I'm getting ready to order a transgo jr kit and a lot of Mobil delvac for my truck. Is it worth it to put on a mag-tec deep pan and filter while I'm at it? My trans never gets over 225 the way it is now.

Thanks
 

 



I still have my stock pan, just don't think it'll do much good and August temperatures do reach 120 degrees sitting in stop and go traffic.


Old and new cooler...
I'm not to concerned with the temps at this time. Only tow/haul around 7k with the travel trailer at the moment which this truck does with ease. I think I just like the idea of additional fluid. I have seen the argument that more fluid takes longer to heat up but also takes longer to cool down. My theory (and it's just that) is that when talking about contamination it's measured by parts per a """" and the more fluid there is the fewer parts per a """" there is in the fluid.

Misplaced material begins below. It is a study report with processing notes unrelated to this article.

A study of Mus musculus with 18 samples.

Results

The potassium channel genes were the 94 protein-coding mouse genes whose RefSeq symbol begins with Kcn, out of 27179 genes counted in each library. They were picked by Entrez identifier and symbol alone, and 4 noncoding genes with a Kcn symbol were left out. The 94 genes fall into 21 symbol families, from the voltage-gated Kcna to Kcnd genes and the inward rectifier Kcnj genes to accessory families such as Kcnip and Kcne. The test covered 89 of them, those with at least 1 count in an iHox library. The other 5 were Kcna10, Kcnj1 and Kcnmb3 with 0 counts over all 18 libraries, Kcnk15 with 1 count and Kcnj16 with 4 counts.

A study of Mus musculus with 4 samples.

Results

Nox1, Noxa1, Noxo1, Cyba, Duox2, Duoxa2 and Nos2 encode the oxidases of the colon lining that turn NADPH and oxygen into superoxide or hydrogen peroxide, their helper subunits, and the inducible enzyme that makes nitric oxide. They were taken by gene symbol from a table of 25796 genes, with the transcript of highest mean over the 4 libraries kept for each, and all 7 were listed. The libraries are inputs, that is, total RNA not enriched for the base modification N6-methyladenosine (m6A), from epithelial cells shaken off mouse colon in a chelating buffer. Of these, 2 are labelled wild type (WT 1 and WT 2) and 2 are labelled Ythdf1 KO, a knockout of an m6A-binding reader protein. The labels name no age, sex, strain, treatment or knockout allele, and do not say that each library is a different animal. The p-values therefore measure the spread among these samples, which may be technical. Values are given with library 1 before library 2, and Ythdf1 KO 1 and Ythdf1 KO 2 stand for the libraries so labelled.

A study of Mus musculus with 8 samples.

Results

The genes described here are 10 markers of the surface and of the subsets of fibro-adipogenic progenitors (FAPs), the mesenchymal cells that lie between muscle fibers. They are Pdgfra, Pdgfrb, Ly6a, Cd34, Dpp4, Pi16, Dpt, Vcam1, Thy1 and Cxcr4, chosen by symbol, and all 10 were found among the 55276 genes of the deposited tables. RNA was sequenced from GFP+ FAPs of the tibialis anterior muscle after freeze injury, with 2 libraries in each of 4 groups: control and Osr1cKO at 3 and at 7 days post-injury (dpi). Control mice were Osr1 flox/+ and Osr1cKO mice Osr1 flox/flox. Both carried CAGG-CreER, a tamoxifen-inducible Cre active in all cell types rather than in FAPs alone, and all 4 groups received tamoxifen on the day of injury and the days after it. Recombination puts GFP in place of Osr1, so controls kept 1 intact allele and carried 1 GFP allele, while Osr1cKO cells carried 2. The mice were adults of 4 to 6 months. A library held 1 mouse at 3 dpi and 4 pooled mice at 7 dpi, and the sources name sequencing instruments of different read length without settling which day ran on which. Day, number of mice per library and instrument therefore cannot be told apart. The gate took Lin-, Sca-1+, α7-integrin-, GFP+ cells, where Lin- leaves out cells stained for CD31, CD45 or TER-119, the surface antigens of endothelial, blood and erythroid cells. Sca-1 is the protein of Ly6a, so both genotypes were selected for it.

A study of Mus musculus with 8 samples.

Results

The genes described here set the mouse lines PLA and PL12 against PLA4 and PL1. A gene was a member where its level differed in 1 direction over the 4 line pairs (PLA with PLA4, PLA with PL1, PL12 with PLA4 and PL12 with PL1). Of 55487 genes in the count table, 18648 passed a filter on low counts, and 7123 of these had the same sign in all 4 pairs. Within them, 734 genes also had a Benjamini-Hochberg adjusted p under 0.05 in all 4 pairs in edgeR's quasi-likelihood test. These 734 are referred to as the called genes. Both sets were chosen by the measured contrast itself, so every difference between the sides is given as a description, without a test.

I think for precautions I will take your advice on the cooler location and the splash guard. Can't hurt to keep more air running across the fins.

Thank you for the input guys.
 

Got the transgo jr. today. 4 gallons of Mobil Delvac sitting in the garage. Looks like I have another weekend project to do.
 

When removing the valve body take out just the bolts that hold it in, not the ones that hold it together (as shown in picture).
Carefully inspect the new valve spools (with magnifying glass) for any nicks, dents, or burrs. Clean them up with 600 grit wet sand paper and oil.
Test each valve spool without springs in their bores for smooth operation. Note how deep they insert so that when doing final assembly with springs you get them seated all the way.
Clean up separator plate with flat sharpening stone to remove burrs. I also did this on the one side of the plate that was pretty scratched up from the factory to minimize pressure leaks.
Take your time, try to be dust free, wipe everything with lint free rags
 

 

 

You shouldn't believe everything you read.
 

 

I wouldn't of used that kit. Anything that I buy if it's damiged it gets returned.